Kenny Leon’s “American Son” opens with a quote from Ta-Nehisi Coates: “Race is the child of racism, not the father.” This quote serves as the key for much of the narrative for the stage-play-turned-movie. Similar to 2016's “Fences,” “American Son” relies on one set design in order to enunciate the message the story conveys.
Starring Kerry Washington in a less-than presidential main role than she’s played in nearly a decade, the film portrays panicked mother, Kendra Ellis-Connor, as she begs and bouts with morally-stiff law enforcement, Officer Paul Larkin (Jeremy Jordan) and Lieutenant John Stokes (Eugene Lee), to find out the whereabouts of her missing bi-racial adult son, Jamal. The intensity grows thick when Ellis-Connor’s estranged husband Scott (Steven Pasquale) arrives and begins deflecting the situation to his disapproval of Jamal’s recent behavior, including getting cornrows, befriending troubled inner-city kids and acquiring a seemingly anti-police bumper sticker. All of this, fueled by their unwieldy marital strain, results in a 4 a.m. monologue session in which they put themselves in the other’s shoes.
The racial tension comes out of the gate swinging with obvious figurative finger-pointing on both sides. The exchanges between Ellis-Connor and Larkin feel more like a debate gone wrong than dialogue in a movie. While this use of action phrases may be effective live on stage, they require a bit more direction for a feature film. In addition, the film puts a character exposé of Larkin out far too early, so much so that the rest of his actions read like a broken record. It’s a reiteration of the racist antagonist we’ve all seen before.
On the other hand, Washington and Pasquale do a good job playing concerned parents from opposite sides of the tracks. The former, in a relatively new role, gives one of her best film performances in recent years. The chemistry between the two may be patchy, but their dialogue on interracial marriages makes up for it.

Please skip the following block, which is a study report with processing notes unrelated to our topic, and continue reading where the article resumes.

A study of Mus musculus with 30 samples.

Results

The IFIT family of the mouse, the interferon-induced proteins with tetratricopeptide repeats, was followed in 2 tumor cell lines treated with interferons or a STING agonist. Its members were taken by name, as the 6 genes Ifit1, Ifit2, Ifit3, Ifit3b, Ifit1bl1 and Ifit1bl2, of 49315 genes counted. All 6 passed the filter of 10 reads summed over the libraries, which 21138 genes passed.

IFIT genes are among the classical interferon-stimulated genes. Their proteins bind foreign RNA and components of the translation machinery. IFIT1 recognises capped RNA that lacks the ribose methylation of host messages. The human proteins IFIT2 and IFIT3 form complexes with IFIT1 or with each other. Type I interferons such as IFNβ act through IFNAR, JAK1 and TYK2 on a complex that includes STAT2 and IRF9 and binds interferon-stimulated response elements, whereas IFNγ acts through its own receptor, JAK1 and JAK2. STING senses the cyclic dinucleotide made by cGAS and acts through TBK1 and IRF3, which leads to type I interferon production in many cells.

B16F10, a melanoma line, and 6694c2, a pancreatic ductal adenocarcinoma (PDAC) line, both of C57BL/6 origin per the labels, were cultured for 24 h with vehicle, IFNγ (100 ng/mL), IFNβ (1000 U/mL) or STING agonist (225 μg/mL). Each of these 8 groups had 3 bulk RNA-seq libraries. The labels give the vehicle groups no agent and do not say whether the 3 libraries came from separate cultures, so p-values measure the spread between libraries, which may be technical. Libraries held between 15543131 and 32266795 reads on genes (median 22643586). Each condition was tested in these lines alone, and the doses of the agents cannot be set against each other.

Stokes enters about two-thirds through film and starts a conversation about compromise and submission within the black community. Stokes says, “If the young brothers would have just shut their mouths and did what they were told, none of us would be here tonight…” Stoke’s words are an echo of how the world feels African Americans should respond to authority, yet they are still killed during routine traffic stops on a regular basis. The film closes on a note that feels incomplete in a sense that it feels like time wasted, as if all of the yelling and screaming of the four characters is for nothing. However, it surely makes up for this in progressive social dialogue.
“American Son” is a heart-heavy display of the agony black mothers face when sending their children out into the world. It gets off to a slow start and features some awkward performances, yet it is able to meticulously dissect issues of racial profiling, interracial marriage and police brutality in a less than 90-minutes window. By the time it’s over, that feeling of pity and sorrow will be sitting in the room with you.
Rating: 3 out 5
Watch the trailer for “American Son” here.